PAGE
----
Rehearsal dinners are essential to kicking off your wedding weekend. This party before the party is the perfect opportunity to prepare for the big day with your families and close friends. But figuring out who to invite or how to decorate can be stressful. Below is a little advice on what makes a rehearsal dinner run smoothly while still being a fun part of the wedding festivities.
This post was featured in D Weddings.
If you’re planning to have a more intimate guest list for your rehearsal dinner, begin by inviting guests who are involved in your ceremony. This could be your immediate families, wedding party (and their dates), readers, ushers, flower girls, and ring bearers (and their parents). If you have a close relationship with your officiant, it is a nice gesture to invite them as well. For any guests who are traveling from out-of-town, it is customary to include them in the rehearsal dinner since they are spending time and money to celebrate with you on your special day.
But if you are having a destination wedding where all of your guests are traveling, inviting all of the out-of-town guests might not be ideal. If you decide to invite all out-of-town guests, consider serving heavy hors d’oeuvres and dessert instead of a full meal to keep costs down. If you decide to forgo inviting the out-of-town guests, you may want to consider hosting a welcome party later in the evening.
Another option is a “rolling” rehearsal dinner, where guests come and go as their travel plans permit. This is a nice way to welcome guests into town whenever they arrive, while also leave them feeling comfortable to head to bed early after a long day of traveling.
When thinking about what type of party you’d like to host, draw from your location or personal stories as a couple. Perhaps an outdoor picnic as a gentle nod to your first date, serve table-side tagliatelle as a reflection of the groom’s Italian heritage, or celebrate with wine and cheese tastings if your location is known for their vineyards.
I love when the rehearsal dinner is the complete opposite of the wedding day celebration: a bit more casual and fun with a different color palette. The only rule to keep in mind is that the rehearsal dinner should not compete with the wedding day itself. It can be the same level of formality or more casual than the wedding day, but never more formal. If the guest list is intimate, opting for a cozier, quieter venue such as a private room at a restaurant or in the host’s own home is a great way to celebrate.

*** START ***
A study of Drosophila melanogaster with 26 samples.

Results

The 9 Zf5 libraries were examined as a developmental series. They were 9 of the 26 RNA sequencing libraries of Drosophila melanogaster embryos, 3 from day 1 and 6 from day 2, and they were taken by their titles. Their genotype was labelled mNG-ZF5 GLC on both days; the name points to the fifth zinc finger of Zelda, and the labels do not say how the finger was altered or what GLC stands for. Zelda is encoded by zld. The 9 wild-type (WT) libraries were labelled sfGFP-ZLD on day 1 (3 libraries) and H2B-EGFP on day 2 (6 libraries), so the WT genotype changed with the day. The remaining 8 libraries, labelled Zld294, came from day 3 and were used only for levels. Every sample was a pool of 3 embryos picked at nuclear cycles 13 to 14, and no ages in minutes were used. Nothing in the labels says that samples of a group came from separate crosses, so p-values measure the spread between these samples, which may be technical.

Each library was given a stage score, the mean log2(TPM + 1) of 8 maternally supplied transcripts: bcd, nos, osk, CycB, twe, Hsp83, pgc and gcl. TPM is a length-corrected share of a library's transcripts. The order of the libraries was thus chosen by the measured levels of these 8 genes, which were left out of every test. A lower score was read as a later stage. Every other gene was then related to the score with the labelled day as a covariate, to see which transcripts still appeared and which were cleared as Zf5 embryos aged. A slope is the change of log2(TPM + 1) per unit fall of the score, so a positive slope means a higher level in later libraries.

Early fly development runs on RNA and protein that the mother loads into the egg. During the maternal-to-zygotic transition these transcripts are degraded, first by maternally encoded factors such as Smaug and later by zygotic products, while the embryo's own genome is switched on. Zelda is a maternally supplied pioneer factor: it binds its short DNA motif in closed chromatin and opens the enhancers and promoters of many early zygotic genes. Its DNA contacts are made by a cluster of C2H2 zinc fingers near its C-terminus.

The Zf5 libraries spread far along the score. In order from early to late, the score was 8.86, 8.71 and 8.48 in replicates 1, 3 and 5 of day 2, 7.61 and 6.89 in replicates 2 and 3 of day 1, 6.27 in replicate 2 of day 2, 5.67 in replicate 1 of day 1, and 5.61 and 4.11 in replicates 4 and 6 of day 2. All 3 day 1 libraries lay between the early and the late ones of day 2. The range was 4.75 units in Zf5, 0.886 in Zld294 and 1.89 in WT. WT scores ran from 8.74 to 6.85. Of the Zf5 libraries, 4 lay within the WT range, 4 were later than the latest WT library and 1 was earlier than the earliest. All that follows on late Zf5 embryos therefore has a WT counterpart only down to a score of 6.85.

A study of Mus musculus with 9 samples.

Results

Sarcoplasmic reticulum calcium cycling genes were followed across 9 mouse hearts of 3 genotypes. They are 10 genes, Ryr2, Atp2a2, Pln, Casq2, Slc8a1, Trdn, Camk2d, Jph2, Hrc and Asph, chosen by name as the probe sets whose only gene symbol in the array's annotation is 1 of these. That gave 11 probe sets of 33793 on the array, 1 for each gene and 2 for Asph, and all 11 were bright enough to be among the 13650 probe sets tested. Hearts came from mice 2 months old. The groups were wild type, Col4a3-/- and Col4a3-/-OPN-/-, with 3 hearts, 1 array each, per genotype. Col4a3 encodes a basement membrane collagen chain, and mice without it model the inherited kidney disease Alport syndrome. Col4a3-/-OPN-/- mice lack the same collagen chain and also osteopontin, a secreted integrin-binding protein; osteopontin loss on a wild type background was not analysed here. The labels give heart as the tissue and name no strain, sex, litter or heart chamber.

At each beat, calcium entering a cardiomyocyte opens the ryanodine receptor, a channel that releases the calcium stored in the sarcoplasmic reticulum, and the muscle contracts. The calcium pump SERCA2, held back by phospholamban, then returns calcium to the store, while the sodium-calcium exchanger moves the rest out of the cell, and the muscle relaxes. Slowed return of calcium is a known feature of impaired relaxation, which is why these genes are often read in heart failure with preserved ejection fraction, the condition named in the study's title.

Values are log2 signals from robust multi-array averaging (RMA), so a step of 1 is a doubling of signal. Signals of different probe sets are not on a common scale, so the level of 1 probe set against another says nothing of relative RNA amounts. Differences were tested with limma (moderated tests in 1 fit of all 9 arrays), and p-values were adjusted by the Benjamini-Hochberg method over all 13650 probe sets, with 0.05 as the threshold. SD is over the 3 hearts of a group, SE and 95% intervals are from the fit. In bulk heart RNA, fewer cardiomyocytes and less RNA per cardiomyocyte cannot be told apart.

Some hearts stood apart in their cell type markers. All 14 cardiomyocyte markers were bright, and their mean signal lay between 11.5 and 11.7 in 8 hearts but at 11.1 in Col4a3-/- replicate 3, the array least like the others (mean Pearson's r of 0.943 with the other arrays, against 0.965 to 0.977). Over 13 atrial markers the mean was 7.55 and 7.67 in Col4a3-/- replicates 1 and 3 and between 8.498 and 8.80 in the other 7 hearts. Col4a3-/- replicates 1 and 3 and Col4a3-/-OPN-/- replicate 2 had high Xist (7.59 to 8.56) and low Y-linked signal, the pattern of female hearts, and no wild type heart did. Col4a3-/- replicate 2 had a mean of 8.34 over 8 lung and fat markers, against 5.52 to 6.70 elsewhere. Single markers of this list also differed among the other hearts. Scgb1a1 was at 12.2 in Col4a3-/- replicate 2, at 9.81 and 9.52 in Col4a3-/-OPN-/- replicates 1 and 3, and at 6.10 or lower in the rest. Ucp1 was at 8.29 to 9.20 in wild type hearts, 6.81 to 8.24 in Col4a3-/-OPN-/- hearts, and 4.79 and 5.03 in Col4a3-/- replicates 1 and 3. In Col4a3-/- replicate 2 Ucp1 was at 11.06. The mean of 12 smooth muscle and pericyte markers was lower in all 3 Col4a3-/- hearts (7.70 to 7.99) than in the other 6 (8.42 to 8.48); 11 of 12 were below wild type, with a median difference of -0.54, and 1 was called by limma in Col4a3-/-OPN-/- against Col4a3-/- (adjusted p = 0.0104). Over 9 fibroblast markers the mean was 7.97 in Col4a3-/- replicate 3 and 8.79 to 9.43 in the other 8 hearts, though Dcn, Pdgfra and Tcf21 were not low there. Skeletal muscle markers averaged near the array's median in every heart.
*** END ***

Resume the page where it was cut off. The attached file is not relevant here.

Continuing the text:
For the theme, perhaps a colorful Palm Springs-inspired cocktail party by the hotel pool with mid-century dance tunes, a more casual outdoor barbecue with beer and lemonade, live bluegrass music, and lawn games, or even a seaside clambake on the sand at sunset. A generous amount of decor can be a nice touch but certainly isn’t required.
You should find a location that is convenient for all of the attendees. Hosting the party at a unique location can also help differentiate it from the wedding day celebration, such as a beer garden, movie or stage theater, winery, local park, football field, rooftop, art gallery, brewery, or cocktail lounge.
Traditionally, the groom’s parents pay for the rehearsal dinner. If you don’t mind letting your future in-laws take the reins here, then let them. If you want to be involved with aesthetics and general ideas of how to celebrate, feel free to make suggestions together as both bride and groom, but ultimately let the host make the final decision for budget setting to show your respect and gratitude.
If you are sharing costs for the rehearsal dinner, begin by having an honest discussion about what your top priorities are and how much you both can contribute.
Remember to keep the rehearsal dinner fun and easy. You and your fiancé have worked hard to plan your wedding day together, so you deserve this time to enjoy the evening with each other and your loved ones before the big day.